Colleges reconsider reopening plans
Worsening COVID situation prompts rethinking by schools
WHEN THE BOSTON GLOBE reported Sunday that many colleges and universities throughout the country were reversing their plans to reopen in-person, only Berklee College of Music had taken that step in the Boston area.
Just wait a week.
The Globe reported Wednesday that Smith College in Northampton and Regis College in Weston both scaled back their plans to bring students back to campus in person.
Smith had originally planned to bring back first- and second-year students, and seniors graduating in January. But a Smith official wrote that the worsening pandemic is forcing the college to keep all of its students at home. Regis College said it would allow only upper-class students in laboratory-heavy medical classes to return.
Subbaswamy wrote that given public health data and comparable reopening attempts across the country, he worries about the danger of closing mid-semester and would rather change plans now than risk sending students home during an outbreak.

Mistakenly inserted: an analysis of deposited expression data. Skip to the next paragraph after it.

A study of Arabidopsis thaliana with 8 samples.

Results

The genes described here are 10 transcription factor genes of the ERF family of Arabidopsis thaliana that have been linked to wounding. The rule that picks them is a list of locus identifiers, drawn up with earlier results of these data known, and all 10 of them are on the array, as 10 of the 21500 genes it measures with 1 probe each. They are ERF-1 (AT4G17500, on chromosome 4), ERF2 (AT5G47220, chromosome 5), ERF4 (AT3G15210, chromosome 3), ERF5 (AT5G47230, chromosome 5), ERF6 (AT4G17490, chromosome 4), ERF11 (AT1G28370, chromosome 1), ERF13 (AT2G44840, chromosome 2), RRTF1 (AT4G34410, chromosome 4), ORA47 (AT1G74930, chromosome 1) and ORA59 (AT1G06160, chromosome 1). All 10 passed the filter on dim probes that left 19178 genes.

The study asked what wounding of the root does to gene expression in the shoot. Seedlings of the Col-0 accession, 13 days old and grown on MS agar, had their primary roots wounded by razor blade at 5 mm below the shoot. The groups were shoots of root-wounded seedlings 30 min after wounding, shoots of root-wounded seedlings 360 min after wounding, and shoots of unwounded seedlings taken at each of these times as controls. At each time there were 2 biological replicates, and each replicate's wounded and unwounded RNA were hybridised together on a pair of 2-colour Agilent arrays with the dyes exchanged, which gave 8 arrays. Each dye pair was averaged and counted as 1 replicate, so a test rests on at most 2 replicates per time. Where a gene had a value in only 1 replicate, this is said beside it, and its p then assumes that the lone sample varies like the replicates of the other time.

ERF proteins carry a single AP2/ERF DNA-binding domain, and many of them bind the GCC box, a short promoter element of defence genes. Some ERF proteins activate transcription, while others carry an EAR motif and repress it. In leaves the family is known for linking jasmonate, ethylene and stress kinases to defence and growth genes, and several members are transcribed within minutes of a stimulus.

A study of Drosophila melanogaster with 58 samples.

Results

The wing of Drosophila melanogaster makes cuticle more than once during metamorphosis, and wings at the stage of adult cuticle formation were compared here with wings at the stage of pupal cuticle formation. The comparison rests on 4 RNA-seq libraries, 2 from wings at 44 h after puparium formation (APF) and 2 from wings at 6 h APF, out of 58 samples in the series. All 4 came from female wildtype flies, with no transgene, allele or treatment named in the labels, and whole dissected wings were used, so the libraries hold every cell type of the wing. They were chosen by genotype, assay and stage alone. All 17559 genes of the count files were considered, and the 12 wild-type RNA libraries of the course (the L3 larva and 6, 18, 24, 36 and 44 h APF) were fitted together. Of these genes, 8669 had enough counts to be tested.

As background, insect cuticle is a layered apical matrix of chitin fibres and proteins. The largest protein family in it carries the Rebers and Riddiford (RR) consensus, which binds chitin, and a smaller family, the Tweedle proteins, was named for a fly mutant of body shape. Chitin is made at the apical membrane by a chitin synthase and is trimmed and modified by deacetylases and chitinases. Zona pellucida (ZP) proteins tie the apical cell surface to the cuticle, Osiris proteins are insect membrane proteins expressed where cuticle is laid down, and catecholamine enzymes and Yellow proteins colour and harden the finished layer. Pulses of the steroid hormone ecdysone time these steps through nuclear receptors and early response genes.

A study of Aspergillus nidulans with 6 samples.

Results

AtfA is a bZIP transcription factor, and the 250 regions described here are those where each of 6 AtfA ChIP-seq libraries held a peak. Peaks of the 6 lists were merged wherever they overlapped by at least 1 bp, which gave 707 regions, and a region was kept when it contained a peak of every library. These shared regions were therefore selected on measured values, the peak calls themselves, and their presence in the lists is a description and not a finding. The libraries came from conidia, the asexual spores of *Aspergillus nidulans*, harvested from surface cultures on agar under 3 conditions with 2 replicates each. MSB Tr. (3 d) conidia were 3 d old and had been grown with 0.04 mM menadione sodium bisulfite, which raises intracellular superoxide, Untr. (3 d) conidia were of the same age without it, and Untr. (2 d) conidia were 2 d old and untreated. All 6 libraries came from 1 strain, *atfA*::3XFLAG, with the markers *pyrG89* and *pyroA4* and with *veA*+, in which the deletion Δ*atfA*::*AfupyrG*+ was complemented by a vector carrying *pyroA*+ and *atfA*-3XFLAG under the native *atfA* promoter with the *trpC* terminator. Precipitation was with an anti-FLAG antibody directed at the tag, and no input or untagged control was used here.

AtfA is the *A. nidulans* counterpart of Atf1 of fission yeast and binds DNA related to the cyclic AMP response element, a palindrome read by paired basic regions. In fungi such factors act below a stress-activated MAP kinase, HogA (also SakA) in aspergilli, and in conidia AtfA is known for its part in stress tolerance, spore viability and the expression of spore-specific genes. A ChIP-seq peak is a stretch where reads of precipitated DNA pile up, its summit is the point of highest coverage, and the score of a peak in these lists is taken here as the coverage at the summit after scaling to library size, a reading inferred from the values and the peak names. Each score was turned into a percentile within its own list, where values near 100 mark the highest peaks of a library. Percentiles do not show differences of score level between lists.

There are numerous public health reasons that school officials are considering reversing course. Many of these schools attract a significant portion of their student bodies from out of state, and the virus is rampant in much of the US. Massachusetts is also seeing its infection numbers tick upwards. Colleges – with their communal cafeterias, large lectures, and dormitory living – are potential petri dishes for infection to spread. Even with precautions limiting class sizes and common spaces, teenagers and young adults living on their own are unlikely to resist the temptation to throw the occasional dorm room party.
There are also town-gown issues. Amherst’s town manager had expressed concern to UMass Amherst officials that off-campus students partying and traveling around town could pose risks to Amherst residents. Boston city councilor Kenzie Bok recently asked Boston University and Northeastern University, which are both planning to bring students back in person, to only offer remote classes. Both schools have set up elaborate testing protocols and made changes to housing and class sizes, but Bok worried that an influx in out-of-state college students would endanger local residents, particularly the elderly.Many schools were already planning to bring back only a portion of their students this fall. Harvard, for example, plans to bring back no more than 40 percent of its undergraduates.
Whether even those limited plans will still be derailed remains to be seen. With students expected to arrive in a matter of weeks, there is little time to change gears. But as the pandemic has already shown time and time again, the best-laid plans can change in a heartbeat.